Language structure: variation and change

Events & activities

“The syntax of idioms” workshop, Utrecht University, 20th January 2017

The NWO/FWO-funded project “The syntax of idioms” is happy to announce a one-day workshop on idioms to mark the conclusion of the project. In the morning, the researchers from Utrecht University and KU Leuven who carried out the work will present the main results of the project. In the afternoon, three renowned idiom experts will give an invited presentation.

[UPDATE: This post now includes slides and handouts presented during the workshop.]


Date:               Friday, 20th January

Time:              9:30 – 17:15

Location:        Drift 21, 3512 BR Utrecht, Sweelinckzaal (room 0.05)



09:30 – 10:00          Reception with coffee & tea

10:00 – 10:05          Welcome

10:05 – 10:30          Introduction to the project and the database (Part 1 – Project and database)

10:30 – 11:30          The regular syntax of idioms (with new evidence from Dutch dialects) (Part 2 – Regular syntax)

11:30 – 12:30          Idioms: phasehood and compositionality (Part 3 – Idioms & Phases)

12:30 – 14:00          Lunch break

14:00 – 15:00          Manfred Sailer (Goethe-Universität Frankfurt am Main): The meaning of “meaningless” idiom parts (Sailer – utrecht17)

15:00 – 16:00          Julia Horvath (Tel Aviv University): Idioms and ‘Constructions’: Implications for the Architecture of Grammar (Horvath & Siloni Handout)

16:00 – 16:15          Coffee & tea break

16:15 – 17:15          Martin Everaert (Utrecht University): Idioms: what you see is what you get? (Everaert – Utrecht-hnd-ppt-idioms)

17:15 Drinks


Abstracts for the afternoon talks:

The meaning of “meaningless” idiom parts
Manfred Sailer (joint work with Sascha Bargmann)

Recent formal analyses of idioms follow Kay et al. (ms.) in rejecting an “en bloc” insertion for idioms with a regular syntactic shape and rather assume that their component words combine in a syntactically normal way. This raises questions regarding the semantic combinatorics, in particular for non-decomposable idioms. Kay et al. attribute the complete semantics of a non-decomposable idiom to its syntactic head and assign the other idiomatic words an empty semantics.

I will argue that the constraints on the syntactic flexibility of decomposable and non-decomposable idioms can be described more adequately if we assume that the semantically “empty” components of non-decomposable idioms make a non-empty, though redundant, semantic contribution, i.e. that their semantics overlaps with that of the head of the idiom.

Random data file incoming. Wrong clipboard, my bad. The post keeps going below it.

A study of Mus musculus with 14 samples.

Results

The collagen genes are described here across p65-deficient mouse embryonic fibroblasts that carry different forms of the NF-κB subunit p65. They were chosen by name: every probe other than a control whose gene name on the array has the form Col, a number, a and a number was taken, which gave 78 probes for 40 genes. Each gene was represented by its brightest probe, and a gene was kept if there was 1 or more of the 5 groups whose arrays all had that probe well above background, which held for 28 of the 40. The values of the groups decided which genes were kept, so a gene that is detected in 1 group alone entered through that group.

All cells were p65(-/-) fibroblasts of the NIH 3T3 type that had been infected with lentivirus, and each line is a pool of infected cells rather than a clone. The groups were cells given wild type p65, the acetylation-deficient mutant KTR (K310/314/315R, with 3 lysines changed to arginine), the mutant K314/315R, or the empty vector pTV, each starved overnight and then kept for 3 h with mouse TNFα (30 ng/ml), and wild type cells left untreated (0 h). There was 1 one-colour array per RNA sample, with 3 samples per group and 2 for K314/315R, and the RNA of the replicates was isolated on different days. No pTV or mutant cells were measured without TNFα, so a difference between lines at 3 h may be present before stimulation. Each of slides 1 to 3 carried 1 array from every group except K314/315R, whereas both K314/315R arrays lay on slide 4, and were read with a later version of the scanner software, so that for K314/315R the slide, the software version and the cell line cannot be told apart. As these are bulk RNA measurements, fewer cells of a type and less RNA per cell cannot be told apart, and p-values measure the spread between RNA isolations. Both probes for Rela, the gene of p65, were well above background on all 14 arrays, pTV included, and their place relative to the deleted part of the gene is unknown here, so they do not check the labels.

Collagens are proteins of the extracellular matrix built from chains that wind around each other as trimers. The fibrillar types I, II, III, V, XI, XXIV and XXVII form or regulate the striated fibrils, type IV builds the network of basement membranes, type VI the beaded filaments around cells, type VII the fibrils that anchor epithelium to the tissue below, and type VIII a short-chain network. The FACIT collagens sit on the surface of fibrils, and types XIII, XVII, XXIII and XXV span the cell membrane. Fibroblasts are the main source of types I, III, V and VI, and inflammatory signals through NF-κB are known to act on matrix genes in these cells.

Kay, Paul, Ivan A. Sag & Dan Flickinger. ms. A lexical theory of phrasal idioms. Based on an earlier version by Kay & Sag.


Idioms and ‘Constructions’: Implications for the Architecture of Grammar

Julia Horvath (joint work with Tal Siloni)

We will present a study of the distribution of idioms across diatheses in English and Hebrew. The findings will turn out to provide evidence against usage-based Construction Grammar (CxG) (Goldberg (2006) and related work), under which there is no syntactic derivation, but instead, a lexical component of stored ‘constructions’ (from morphemes to abstract phrasal patterns) labeled construct-i-con. Investigating the distribution of idioms across diatheses (transitive, unaccusative adjectival passive and verbal passive), we observe contrasts between the cross-diathesis distribution of two distinct syntactic types of idioms. One type of idiom (which we label ‘phrasal’) distributes differently in the verbal passive diathesis versus the transitive, unaccusative and adjectival passive diatheses. Another type of idiom (to be labeled ‘clausal’), in contrast, does not discriminate between diatheses. We outline our analysis of these patterns of distribution, and then show that a construct-i-con type of theory cannot account for these findings (in spite of idioms being the archetypal ‘construction’ à la CxG).


Idioms: what you see is what you get?
Martin Everaert (Utrecht University)

I will put forward the following propositions:

  1. Idioms are normal phrases with all the morpho-syntactic flexibility one would expect, were it not …
  1. If one believes in a fundamental I-language/E-language distinction, idioms are the domain of E-language; even worse, there is no way of defining idioms in terms of an I-language vocabulary, unless…

I will discuss some proposals in the literature that use idioms as arguments to argue for specific I-language notions (such as phase) and will try to explain that it is based on a misunderstanding on what idioms are.